If you live in the northern hemisphere and north of the 30th parallel, you’ve probably noticed the days getting shorter, the weather becoming colder and wetter. Maybe you’ve started daydreaming about tropical beaches, or perhaps even flipping through some brochures of tropical escapes. Maybe you’ve already booked yourself on a warm-weather adventure.

I’m not a beach person…

Just so you know, I don’t think of myself as a beach person. I have no desire to lie in the tropical sun for hours, baking myself to a crisp Yet, as soon as the days start getting shorter, what am I thinking about? A beach. In my mind’s eye I see the perfect beach: fine white sand, turquoise water, palm trees arching gracefully over the sand to provide some shade (and also hang your hammock). I can hear the gentle surf. The beach is mostly deserted, but there are a few people milling about in the distance (just so I feel safer). The water is warm, but not too warm; refreshing but not too cold. There is a soft, salty breeze in the air. The sun shines but doesn’t burn.

OK. Time to wake up. In 23 years of travels I’ve never found this beach. The trouble with beaches is that they can look perfect in photos, but when you actually get there, reality often doesn’t live up to expectations. The world has many magnificent beaches (most of which I have not explored yet because they cost a fortune – the Maldives being a good example). The world also has a lot of crummy beaches. Most fall somewhere in between.

Here is list of things I could have done without on some beaches I’ve visited:

  • Crowds of coconut-smelling tourists
  • Heat-stroke inducing temperatures
  • Sharp rocks at the bottom of the water
  • Slimy sand at the bottom of the water
  • Water too shallow to swim
  • Jellyfish in the water
  • Pick-pockets on the beach
  • Rip-tide currents
  • No shade
  • Grass floating in the water
  • Strong waves
  • Freezing water
  • Sand full of garbage (cigarette butts, bottle caps, etc)
  • Sandflies

Yes, I am picky, but as I said, I’m not really a beach person. Check out the photos below. If you want to daydream (and keep your head in the sand – pun intended) you can turn off the captions.

(Cape Town, South Africa)(Playa Ancon, Cuba)(Siquijor, Philippines)(Aitutaki, Cook Islands)(Aitutaki, Cook Islands)(Isla Zapatilla, Panama)(Isla Damas, Chile)(Nazaré, Portugal)(Serendipity Beach, Cambodia)(Boracay, Philippines)(San Cristobal, Galapagos)

Photos only speak to one of the senses: sight. And even then, they don’t show you everything. Add to the above the need to slather yourself with sunscreen (and possibly insect repellent) and the possibility of getting sunburned anyway (on the one square inch of skin you forgot to cream). Add the certainty of sand getting into your bathing suit, your bag, your shoes and everything else. It makes me itchy just thinking about it. I told you; I’m not a beach person.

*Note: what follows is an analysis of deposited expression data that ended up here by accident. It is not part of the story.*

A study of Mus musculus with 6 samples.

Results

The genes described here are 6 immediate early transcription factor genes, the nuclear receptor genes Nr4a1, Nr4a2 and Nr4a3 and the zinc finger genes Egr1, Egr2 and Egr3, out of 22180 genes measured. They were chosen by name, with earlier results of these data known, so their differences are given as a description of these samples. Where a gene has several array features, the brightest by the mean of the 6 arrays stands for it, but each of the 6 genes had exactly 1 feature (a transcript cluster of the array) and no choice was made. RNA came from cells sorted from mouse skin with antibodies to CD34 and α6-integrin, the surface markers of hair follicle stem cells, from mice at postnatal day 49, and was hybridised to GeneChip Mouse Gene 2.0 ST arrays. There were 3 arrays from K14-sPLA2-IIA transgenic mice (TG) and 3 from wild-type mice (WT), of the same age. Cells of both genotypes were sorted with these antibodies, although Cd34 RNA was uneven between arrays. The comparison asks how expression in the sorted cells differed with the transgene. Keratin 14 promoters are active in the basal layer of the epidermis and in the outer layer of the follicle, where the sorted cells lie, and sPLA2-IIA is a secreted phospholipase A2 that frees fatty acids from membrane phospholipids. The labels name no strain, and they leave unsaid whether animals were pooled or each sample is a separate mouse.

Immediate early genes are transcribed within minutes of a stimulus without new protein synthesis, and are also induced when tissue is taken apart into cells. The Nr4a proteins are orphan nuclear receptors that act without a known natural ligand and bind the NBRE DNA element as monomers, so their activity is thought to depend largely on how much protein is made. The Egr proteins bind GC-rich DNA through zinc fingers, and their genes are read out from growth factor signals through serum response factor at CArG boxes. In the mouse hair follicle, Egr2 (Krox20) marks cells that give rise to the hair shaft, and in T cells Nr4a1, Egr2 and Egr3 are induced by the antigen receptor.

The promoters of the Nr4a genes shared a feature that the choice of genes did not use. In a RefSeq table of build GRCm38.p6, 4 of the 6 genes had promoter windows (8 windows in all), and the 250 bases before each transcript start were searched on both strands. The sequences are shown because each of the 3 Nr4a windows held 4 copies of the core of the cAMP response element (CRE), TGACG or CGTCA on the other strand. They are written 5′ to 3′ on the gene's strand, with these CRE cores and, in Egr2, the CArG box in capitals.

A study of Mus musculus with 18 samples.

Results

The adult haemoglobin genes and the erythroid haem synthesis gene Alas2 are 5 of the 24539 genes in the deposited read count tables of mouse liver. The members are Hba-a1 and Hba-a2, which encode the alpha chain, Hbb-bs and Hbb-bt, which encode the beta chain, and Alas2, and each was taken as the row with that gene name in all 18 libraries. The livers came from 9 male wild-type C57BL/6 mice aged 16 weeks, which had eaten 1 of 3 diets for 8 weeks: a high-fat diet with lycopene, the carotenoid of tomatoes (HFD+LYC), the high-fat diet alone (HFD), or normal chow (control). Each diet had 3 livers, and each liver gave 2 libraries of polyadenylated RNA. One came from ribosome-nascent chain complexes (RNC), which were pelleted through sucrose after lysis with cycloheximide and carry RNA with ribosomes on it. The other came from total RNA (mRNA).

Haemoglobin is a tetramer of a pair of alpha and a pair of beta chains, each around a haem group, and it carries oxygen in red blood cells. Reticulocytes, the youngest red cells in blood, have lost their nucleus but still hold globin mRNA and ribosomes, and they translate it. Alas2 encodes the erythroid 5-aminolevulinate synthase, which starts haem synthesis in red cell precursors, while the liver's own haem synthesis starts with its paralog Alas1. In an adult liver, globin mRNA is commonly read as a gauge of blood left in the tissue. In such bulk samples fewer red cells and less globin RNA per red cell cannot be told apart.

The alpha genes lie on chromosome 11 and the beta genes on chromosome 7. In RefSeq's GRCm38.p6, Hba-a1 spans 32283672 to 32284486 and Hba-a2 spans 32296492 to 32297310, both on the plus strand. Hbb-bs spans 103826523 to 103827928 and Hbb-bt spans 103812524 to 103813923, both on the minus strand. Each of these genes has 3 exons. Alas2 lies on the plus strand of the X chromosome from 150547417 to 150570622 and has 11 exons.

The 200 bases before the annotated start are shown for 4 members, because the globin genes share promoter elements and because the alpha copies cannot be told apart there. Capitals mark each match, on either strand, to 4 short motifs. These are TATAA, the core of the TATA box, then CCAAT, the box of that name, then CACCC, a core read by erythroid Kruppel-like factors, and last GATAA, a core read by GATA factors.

My idea of enjoying a beach is sitting in the shade reading for an hour or two, interspersed with short swimming sessions, and a little beach-combing. I love hearing the sound of the surf, smelling the salty ocean tang, and walking bare feet in the wet sand by the edge of the water as the sun sets. After a few days, ideally involving a snorkelling trip or two, I’m ready to move on.

So far, my favourite beach destination has been Southern Thailand. I visited twice in the 90’s and spent some time on the islands of Ko Phi Phi and Ko Lanta, as well as Railay beach and Phra Nang beach on the mainland near Krabi. Those were pretty close to my vision of the perfect beach. I suffered from food poisoning in Ko Lanta, almost got seasick on a day trip in Ko Phi Phi, and fell off the boat trying to disembark at Phra Nang, but to be honest, this was not the fault of the beach!

Trying to pick a beach in Thailand is no picnic!

There are so many beaches in Southern Thailand that Lonely Planet has published an entire guidebook covering only that region. I am leaving for Thailand in 25 days, and even though (as you may remember) I’m not a beach person, I’m eagerly trying to determine which islands and which beaches I’d most enjoy this time. This is no easy task. How do you know what a beach is really like by reading a two-year old description and looking at a few pictures? Things change so fast in Thailand. A beach that was nearly-deserted five years ago could now be covered in expensive resorts. And considering people’s different tastes, reading reviews is of limited help. This is hard work! (Yeah, I know, life is tough).

So what is it that so attract people to beaches, even those self-described “non-beach people” like me? Why this longing, this fascination? Is it because we evolved from fish and still hear the call of the ocean? (Wasn’t that poetic or what?) Whatever it is, I have to find that perfect Thai beach!

Do you have a favourite beach somewhere in the world? What’s so special about it?